The House of Commons Science, Innovation, and Technology Committee published its interim report following its inquiry into the governance of AI.

AI has experienced exponential change and development in 2023, with AI solutions such as ChatGPT now fast becoming household names. Given the unprecedented development AI has experienced, an inquiry was deemed necessary to consider the potential risks and challenges such rapidly evolving technology poses and the issues arising from governing the same.

The report, published on 31st August 23, has identified 12 primary challenges which must be addressed via domestic policy and international engagement. Our Technology Law experts outline these challenges below.


The 12 challenges highlighted in the report include:

  1. Bias. AI can introduce or perpetuate biases that society may find unacceptable.
  2. Privacy. AI can allow individuals to be identified and their personal data to be misused.
  3. Misrepresentation. AI can generate material that deliberately misrepresents someone’s character, behaviour or opinions.
  4. Access to data. AI requires large datasets which are held by few organisations, raising competition concerns.
  5. Access to compute. AI requires significant computing power, which is limited to a few organisations, again raising competition concerns.
  6. Black box. AI cannot explain why certain results are produced, which raises concerns that it is inexplicable and its process is not transparent. 
  7. Open-source. Views differ on whether the software code used to make AI should be publicly available (open-source). 
  8. Intellectual property and copyright. Use by AI solutions of proprietary materials must protect the rights holder.
  9. Liability. Government policy should consider whether the AI developers and providers are liable should the AI cause harm.
  10. Employment. Government policy should manage the disruption caused to the employment market by AI.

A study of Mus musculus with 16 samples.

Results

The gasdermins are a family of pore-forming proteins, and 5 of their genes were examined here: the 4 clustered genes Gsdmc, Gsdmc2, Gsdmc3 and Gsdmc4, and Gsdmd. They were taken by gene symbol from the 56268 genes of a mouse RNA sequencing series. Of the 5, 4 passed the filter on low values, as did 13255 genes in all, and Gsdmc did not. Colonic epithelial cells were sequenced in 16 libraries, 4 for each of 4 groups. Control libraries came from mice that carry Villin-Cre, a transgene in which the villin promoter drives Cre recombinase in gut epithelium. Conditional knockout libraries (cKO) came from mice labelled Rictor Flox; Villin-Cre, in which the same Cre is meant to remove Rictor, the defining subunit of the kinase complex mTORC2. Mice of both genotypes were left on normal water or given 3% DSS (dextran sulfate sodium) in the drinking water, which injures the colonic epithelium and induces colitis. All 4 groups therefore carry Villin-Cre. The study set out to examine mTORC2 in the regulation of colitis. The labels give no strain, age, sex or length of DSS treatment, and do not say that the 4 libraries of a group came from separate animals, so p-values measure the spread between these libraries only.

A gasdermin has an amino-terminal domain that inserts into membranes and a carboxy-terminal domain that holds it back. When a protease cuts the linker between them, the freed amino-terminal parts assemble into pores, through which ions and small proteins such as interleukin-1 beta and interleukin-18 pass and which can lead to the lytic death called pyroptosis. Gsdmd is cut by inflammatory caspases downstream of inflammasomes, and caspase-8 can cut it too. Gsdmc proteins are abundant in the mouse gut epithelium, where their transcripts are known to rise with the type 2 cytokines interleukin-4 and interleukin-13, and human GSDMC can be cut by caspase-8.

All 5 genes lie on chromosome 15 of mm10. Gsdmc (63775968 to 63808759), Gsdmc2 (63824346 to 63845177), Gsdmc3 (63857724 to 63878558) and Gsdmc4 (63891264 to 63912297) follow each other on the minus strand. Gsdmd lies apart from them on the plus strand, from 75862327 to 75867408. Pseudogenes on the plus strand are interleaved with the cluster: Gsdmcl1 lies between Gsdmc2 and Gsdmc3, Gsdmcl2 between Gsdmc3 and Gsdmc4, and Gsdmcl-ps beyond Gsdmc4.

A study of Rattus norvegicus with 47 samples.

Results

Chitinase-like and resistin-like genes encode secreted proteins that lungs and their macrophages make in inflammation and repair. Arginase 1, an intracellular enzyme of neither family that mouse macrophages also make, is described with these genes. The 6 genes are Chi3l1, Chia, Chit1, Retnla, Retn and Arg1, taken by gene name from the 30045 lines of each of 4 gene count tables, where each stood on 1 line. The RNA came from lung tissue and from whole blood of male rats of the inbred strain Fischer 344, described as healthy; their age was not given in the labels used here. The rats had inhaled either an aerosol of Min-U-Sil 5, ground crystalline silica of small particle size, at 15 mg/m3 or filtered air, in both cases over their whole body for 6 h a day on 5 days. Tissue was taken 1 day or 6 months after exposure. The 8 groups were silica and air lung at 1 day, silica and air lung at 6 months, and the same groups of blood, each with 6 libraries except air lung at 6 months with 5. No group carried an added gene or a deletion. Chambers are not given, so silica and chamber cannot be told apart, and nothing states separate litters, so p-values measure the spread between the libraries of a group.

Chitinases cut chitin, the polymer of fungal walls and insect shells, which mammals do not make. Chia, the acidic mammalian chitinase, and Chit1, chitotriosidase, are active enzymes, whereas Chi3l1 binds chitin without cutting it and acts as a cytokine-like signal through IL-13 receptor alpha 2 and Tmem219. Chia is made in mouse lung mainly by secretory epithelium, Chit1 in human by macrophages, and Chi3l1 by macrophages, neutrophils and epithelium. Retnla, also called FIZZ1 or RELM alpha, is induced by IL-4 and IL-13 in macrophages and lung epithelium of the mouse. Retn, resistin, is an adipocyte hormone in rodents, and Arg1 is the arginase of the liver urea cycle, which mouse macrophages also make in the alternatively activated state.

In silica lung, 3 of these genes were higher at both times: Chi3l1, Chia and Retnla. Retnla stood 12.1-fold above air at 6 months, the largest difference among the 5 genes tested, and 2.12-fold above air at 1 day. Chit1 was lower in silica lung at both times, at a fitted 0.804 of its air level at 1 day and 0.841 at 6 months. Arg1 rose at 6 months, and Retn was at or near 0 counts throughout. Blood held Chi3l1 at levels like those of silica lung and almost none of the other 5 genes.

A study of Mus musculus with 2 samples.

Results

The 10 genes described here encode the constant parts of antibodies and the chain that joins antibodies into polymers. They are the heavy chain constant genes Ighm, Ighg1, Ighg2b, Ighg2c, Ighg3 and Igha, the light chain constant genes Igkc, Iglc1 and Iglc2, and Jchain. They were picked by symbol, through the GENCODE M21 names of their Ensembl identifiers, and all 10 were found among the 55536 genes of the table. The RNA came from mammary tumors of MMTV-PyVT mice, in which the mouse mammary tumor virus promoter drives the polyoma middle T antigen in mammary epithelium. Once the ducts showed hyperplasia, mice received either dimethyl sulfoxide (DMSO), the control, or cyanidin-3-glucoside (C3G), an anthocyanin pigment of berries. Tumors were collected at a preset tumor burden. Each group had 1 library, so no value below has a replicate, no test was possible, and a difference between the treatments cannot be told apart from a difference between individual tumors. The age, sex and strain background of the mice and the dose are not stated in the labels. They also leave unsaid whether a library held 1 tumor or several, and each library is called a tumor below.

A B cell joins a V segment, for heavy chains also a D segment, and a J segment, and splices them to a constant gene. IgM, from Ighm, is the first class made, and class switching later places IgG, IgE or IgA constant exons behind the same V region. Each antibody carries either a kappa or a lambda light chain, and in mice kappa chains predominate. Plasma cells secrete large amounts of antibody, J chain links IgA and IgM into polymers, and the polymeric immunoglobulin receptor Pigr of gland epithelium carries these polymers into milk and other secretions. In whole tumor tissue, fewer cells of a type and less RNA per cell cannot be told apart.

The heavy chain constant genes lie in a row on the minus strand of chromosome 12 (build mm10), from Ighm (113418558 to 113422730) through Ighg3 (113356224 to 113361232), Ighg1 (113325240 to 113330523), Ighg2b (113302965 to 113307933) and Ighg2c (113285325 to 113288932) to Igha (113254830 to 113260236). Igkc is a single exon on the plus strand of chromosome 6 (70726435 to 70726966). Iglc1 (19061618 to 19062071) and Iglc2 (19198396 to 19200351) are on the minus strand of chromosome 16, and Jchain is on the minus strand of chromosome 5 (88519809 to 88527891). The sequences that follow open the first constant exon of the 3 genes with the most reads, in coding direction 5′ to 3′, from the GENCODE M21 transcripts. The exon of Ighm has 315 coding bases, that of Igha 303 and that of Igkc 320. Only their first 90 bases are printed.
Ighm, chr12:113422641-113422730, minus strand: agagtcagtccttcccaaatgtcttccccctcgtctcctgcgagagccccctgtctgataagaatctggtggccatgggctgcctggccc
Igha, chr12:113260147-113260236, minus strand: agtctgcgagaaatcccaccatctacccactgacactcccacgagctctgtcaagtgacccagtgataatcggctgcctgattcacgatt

11. International coordination. AI is a global technology, and developing governance frameworks to regulate its uses must be an international undertaking.
  12. Existential. If AI presents a threat to human life, governance should afford protection for national security.

The UK is set to host the first global AI summit this autumn, where key countries, leading Tech companies and researchers shall meet to agree on the collective measures required to mitigate the risks arising from AI technology. The report recommends that the 12 challenges identified form the basis of such risk analysis conducted at the summit.


The Government’s response to the interim report is due by 31st October 2023. In the meantime, the inquiry continues, and a final form report is awaited in due course.

AI and other emerging technologies are demonstrating fast-paced development and change, and the Government’s report on governance concerns highlights the growing demand for proactive regulation and governance in this area.

Organisations operating within the Tech sector should ensure that they remain up to date with any proposed changes to the regulation of AI or other emerging technologies and the legal and practical consequences this may have for their organisations.